My section was a single layer closure because at that hospital once a section, always a section. I was never notified or given an option. When I first went to an OB for my next pregnancy- he told me he wouldn't VBAC me with a single layer closure and neither would any other OB. He was wrong! I had 2 successful VBAC's with no complications!
Also studies seem to be disagreeing that it makes much difference:
http://www.ncbi.nlm.nih.gov/pubmed/10796177
http://www.ncbi.nlm.nih.gov/pmc/articles/PMC3421916/
Neither of those studies includes definitive information regarding impact of scars on future births. Both point out that further studies are needed. I wouldn't take anything from them other than even the professionals don't know quite enough about the topic. From all I've read, single stitch has best immediate outcome regarding quick healing, but the double is best long term and for VBAC/multiple future pregnancies. But again, there's not nearly enough info to base the decision of whether to attempt VBAC on any of these factors.

*I* definitely think VBAC is the best choice in this matter, regardless of what stitch was used. I only mentioned it because the use of uterine stimulants is quite controversial when attempting VBAC in general, but especially with single stitch.
OP should allow labor to begin spontaneously and avoid labor modifying drugs. To avoid intervention and hopefully a repeat, labor at home as long as possible and spend as little time in the hospital as possible. If possible, I would recommend homebirth, but sounds like the hubs would be very against that uncertainty lol.
If cesarean were to become necessary, I think that a double stitch is best for the body's long term healing and future pregnancies. That doesn't mean the single stitch eliminates anyone from attempting VBAC. Only I wouldn't recommend having singles multiple times.


Neither of those studies includes definitive information regarding impact of scars on future births. Both point out that further studies are needed. I wouldn't take anything from them other than even the professionals don't know quite enough about the topic. From all I've read, single stitch has best immediate outcome regarding quick healing, but the double is best long term and for VBAC/multiple future pregnancies. But again, there's not nearly enough info to base the decision of whether to attempt VBAC on any of these factors.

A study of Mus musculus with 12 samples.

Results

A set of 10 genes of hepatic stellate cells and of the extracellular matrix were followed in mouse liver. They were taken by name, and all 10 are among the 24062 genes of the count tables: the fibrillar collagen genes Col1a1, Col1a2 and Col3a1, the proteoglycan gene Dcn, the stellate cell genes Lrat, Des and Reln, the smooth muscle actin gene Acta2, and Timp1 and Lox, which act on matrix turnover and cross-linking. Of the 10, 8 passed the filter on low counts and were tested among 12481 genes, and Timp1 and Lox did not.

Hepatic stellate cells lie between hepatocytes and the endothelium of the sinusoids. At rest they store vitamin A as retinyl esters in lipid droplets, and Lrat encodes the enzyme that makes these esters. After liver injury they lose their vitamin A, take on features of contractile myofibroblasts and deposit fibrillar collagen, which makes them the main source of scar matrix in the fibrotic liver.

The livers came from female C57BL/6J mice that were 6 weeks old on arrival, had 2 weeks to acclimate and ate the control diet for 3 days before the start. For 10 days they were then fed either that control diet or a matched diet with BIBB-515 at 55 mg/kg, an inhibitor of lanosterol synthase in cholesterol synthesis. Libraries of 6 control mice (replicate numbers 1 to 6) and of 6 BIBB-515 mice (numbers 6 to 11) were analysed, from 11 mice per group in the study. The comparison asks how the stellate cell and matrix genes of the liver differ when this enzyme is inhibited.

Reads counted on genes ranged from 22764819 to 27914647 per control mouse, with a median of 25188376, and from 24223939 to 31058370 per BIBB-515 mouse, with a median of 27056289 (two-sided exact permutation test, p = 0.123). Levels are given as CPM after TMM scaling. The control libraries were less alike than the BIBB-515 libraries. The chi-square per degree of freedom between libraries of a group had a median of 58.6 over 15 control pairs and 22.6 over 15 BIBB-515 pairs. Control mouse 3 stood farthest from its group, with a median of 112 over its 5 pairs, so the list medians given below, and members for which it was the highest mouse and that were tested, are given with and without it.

*I* definitely think VBAC is the best choice in this matter, regardless of what stitch was used. I only mentioned it because the use of uterine stimulants is quite controversial when attempting VBAC in general, but especially with single stitch.
OP should allow labor to begin spontaneously and avoid labor modifying drugs. To avoid intervention and hopefully a repeat, labor at home as long as possible and spend as little time in the hospital as possible. If possible, I would recommend homebirth, but sounds like the hubs would be very against that uncertainty lol.
If cesarean were to become necessary, I think that a double stitch is best for the body's long term healing and future pregnancies. That doesn't mean the single stitch eliminates anyone from attempting VBAC. Only I wouldn't recommend having singles multiple times.
I was given pitocin inductions for both my VBAC's- maybe not ideal but it kept me out of surgery!
It seems that doctors are more comfortable with performing either the single or double layer closure- I'm not sure that it's up for debate directly before surgery. Certainly something to speak to your OB about at a routine visit though.

Your wishes for a double layer closure should be on your birth plan, I guess. Or you should at least find out what your doctor's "standard procedure" is.

Pitocin is used for VBACs, but the risk of rupture does go up fairly substantially. I don't know why so many doctors can't seem to leave well enough alone! If the baby is starting to suffer in a post-dates pregnancy, that's one thing, but most don't bother doing the non-stress testing - they just say "you're overdue, we're inducing."